Santa wanted fleece pajamas this Christmas. Gaffneys Fabrics had only one choice that would do. It was moose on plaid. So I bought the fabric.
First I needed to correct the PJ pattern I had used in the past. My husband needs patterns to be higher at the center back neck and lower at the center front neck than is the case with commercial (home sewing) patterns. I used his shirt pattern to help with making that correction. His shirt pattern is the one I developed as a sample pattern for the upcoming Copying a Man’s Shirt course that starts Saturday, January 4. The photo on the right shows the corrected pattern after the neckline was raised at center back and lowered at center front. The corrected pattern combines the fit features of Santa’s custom drafted shirt and the looseness of the commercial PJ pattern. The red lines correct the black lines, the blue lines correct the red lines.
I thought I had enough fabric, but I checked to be sure. The picture shows how I folded the fabric to check all patterns that need two plies cut. The large pattern in front on the right is the back pattern. The back pattern has been traced on the fold so as to be able to cut the back on the open. This fabric has to be cut to match. It is impossible to cut any fabric to match if the fabric is laid on the fold. That means that each and every piece has to be cut single ply.
The center front had to be determined so as to maximize the print’s effectiveness. In the industry markers are used to help with placements when cutting to match. When cutting at home I use my patterns as markers, marking where I want the design to lie in the finished garment. This photo shows where I decided to have the moose lie in the finished PJ’s shirt top.
Now it was time to cut. But much of this fleece was off grain. It had been knitted and printed on grain, but fleece is very stretchy and so is almost impossible to keep on grain. I used my L-squares, 4-foot straight edge (available at hardware stores) and my 18 inch transparent ruler to line up the fabric, forcing it back on grain. I did not press the fabric. All that mattered was that the fabric was on grain where I cut. If so, when the garment is sewn, the finished garment will hang on grain. This is extremely important. Garments cut on grain will last years longer than garments that are not cut on grain.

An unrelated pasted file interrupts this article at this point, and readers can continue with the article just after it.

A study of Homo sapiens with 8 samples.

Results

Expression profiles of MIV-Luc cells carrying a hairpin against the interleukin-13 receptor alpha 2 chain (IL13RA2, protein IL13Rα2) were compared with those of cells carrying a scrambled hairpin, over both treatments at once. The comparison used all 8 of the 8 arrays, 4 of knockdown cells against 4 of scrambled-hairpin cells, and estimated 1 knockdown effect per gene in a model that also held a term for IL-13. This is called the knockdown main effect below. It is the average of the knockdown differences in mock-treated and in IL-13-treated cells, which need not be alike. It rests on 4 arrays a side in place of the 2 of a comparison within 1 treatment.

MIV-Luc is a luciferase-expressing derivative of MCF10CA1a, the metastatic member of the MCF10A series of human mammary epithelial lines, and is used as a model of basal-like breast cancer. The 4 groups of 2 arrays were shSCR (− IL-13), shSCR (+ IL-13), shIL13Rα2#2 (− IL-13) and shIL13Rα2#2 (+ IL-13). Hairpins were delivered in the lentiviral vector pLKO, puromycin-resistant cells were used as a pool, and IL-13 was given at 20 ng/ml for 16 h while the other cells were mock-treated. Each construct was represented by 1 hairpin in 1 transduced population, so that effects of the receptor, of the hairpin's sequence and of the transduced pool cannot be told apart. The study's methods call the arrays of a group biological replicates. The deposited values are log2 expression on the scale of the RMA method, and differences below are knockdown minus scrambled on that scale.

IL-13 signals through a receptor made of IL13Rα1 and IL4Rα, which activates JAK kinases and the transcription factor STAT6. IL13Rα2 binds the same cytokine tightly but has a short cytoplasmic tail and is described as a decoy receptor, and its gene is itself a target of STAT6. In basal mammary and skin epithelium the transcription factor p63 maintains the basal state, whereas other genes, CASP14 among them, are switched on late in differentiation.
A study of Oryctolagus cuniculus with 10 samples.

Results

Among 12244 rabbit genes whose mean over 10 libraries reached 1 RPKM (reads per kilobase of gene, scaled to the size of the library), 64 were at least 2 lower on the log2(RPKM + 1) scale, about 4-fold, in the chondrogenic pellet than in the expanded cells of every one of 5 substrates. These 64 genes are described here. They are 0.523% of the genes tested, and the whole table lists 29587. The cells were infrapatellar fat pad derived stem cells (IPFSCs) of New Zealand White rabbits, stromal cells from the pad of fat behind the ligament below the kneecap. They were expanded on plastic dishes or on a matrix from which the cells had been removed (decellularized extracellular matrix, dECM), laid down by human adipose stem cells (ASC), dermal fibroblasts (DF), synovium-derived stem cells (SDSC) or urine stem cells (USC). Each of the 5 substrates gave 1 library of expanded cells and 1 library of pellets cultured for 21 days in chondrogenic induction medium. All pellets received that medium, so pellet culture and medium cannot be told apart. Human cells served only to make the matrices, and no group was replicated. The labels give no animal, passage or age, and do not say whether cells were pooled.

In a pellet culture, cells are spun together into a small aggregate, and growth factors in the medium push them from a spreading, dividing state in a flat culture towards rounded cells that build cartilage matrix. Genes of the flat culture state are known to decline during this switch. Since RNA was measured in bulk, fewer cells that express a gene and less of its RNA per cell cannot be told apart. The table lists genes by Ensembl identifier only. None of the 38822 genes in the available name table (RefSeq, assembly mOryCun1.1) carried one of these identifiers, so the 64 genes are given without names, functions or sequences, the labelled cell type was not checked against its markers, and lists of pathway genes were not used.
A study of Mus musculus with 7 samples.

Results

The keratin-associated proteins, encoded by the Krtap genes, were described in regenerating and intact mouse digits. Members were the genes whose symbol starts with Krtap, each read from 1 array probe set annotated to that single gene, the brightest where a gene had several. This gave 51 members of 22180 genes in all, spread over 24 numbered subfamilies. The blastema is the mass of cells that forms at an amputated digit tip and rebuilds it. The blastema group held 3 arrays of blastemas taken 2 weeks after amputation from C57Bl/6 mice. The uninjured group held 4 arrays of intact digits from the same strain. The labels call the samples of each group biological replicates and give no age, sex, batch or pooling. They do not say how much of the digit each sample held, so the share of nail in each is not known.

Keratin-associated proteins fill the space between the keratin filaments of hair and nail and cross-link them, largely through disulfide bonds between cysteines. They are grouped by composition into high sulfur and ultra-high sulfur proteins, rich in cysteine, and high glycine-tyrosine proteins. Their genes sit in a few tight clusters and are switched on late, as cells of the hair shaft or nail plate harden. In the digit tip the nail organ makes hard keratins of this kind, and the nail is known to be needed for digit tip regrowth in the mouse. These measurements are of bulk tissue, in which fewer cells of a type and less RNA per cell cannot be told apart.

Sewing the PJs proved to be much easier.
Although knit garments can be sewn entirely on a lockstitch (a basic sewing machine with a bobbin) using an overlock (home sewers call them sergers) makes the job much easier. I first prepped (overcast) the hem, waistband, and facing edges with a three-thread overlock. Then I converted my overlock machine to a mock-safety (four-thread) stitch to sew the seams.
The photo on the right shows the PJ’s side seam being sewn together with a mock-safety stitch. Note the black stitching in the center of the overcasting. It is that center stitching that gives the mock-safety stitch its stability.
The edge that lies at an angle down toward the left is a prepped edge. It has been overcast with three-thread stitching.
You can watch a video of this pant seam being sewn to match at https://www.facebook.com/photo.php?v=773183899377640&set=vb.151215644907805&type=2&theater
As you watch note that the plaid of the top ply of fabric is laid in place over the plaid in the bottom ply of fabric. No pinning or basting is used. Because the overlock has differential feed, both plies are fed into the machine at the same speed.
Also note that the knife cuts only a few threads away as the fabric is fed into the machine. As done in industry the seam allowances on all seams that are overlocked have been drafted with the 3/8 inch bite width of the machine, preventing the need for the knife to cut away excess fabric.
Here’s the result on the right. As you can see, the seam matches.
On the left is the finished shirt. The pocket seems low, but Santa wanted it there. The pants are almost done, but I’ve got to stop now and make supper.